School staff set to lose jobs this month amid 'savage' education cuts 

Glasgow faces losing 450 teachers, 24 mentoring staff who work with children in care and 11 developing the young workforce employees.

A young Glasgow dad who has been told he is going to lose his job as a school support worker was among angry protesters challenging council plans for £27m in education cuts.

The city faces losing 450 teachers, 24 mentoring staff who work with children in care and 11 developing the young workforce employees.

Sean O’Neill is among the 11 who have already been told they won’t have employment come March 31 due to lack of confirmation of Scottish Government funding.

The 27-year-old who works as a developing the young workforce co-ordinator said: “Make savings somewhere else – don’t take it from young people.”

The Maryhill father-of-one added how he and 11 colleagues who help prepare secondary school pupils for employment were first in line for losing posts.

He said: “On the 31 of March I won’t have a job anymore. I don’t think that is right.”

It is understood a letter has not been sent to confirm funding from the Scottish Government yet.

The Developing the Young Workforce cuts are not part of other sweeping education cuts that were decided in a budget last month, described as “savage”.

Campaigners stood outside Glasgow City Council chambers on Thursday to make their voices heard.

Unison convenor for education Sylvia Haughney said 450 teacher jobs will be cut over three years as well as mentoring programme MCR Pathways staff who support 2,000 children.

Ms Haughney said the MCR Pathways service is for disadvantaged children and accused the council of lack of transparency when presenting education cuts in the budget paper last month.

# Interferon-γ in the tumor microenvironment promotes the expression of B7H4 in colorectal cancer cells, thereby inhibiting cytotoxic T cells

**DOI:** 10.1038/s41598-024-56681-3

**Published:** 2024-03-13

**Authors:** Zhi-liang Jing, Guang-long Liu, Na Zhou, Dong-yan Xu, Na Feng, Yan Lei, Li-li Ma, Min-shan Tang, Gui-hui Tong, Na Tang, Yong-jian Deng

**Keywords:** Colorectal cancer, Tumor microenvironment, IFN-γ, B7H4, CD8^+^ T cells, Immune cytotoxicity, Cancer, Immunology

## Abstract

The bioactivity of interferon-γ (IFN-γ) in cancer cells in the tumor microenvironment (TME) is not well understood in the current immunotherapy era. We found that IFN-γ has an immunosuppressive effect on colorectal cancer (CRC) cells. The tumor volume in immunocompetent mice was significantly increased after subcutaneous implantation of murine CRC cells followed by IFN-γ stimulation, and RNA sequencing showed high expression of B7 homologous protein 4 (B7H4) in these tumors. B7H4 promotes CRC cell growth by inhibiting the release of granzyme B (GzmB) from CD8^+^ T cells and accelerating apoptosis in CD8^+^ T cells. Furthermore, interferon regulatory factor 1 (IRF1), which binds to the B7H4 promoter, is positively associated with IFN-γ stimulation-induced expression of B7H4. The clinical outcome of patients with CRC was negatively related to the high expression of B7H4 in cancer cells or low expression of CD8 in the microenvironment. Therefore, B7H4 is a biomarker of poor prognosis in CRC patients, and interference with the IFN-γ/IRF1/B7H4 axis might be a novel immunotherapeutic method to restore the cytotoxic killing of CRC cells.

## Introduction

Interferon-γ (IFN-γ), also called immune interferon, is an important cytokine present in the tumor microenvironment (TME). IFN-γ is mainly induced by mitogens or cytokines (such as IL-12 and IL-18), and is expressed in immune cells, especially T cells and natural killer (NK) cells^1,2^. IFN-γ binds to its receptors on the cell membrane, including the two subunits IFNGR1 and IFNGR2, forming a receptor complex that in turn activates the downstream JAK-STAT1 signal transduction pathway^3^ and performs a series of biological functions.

She described how MCR Pathways staff were devastated and crying to hear about the cull of the service.

Ms Haughney said: “The first thing they said was: ‘what is going to happen to my kids?’”

She added: “The council need to do a u-turn and do it now.”

MSP Pam Duncan-Glancy added that cutting the staff will “deny future generations” opportunities.

But with £108m council savings to be made it is understood not cutting the education budget is considered impossible.

A council spokespersonsaid: “Officers are looking at several education service reform options as part of a budget that required almost £108m worth savings from council services over the next three years, not including social care.

“For many years education spending has been protected, relative to other services, in the budget process. However, with the education budget now amounting to more than half of service expenditure directed by the council, that is significantly more challenging when substantial savings are still required.

“Meetings have taken place with trade unions to discuss the challenges and make them aware of the savings needed and senior staff are also meeting with headteachers.

“At every stage, officers will do everything they can to minimise the impact but in the current financial climate the council has to look at every option.

“A cross party, political oversight group has been established and we will continue to engage with employees.”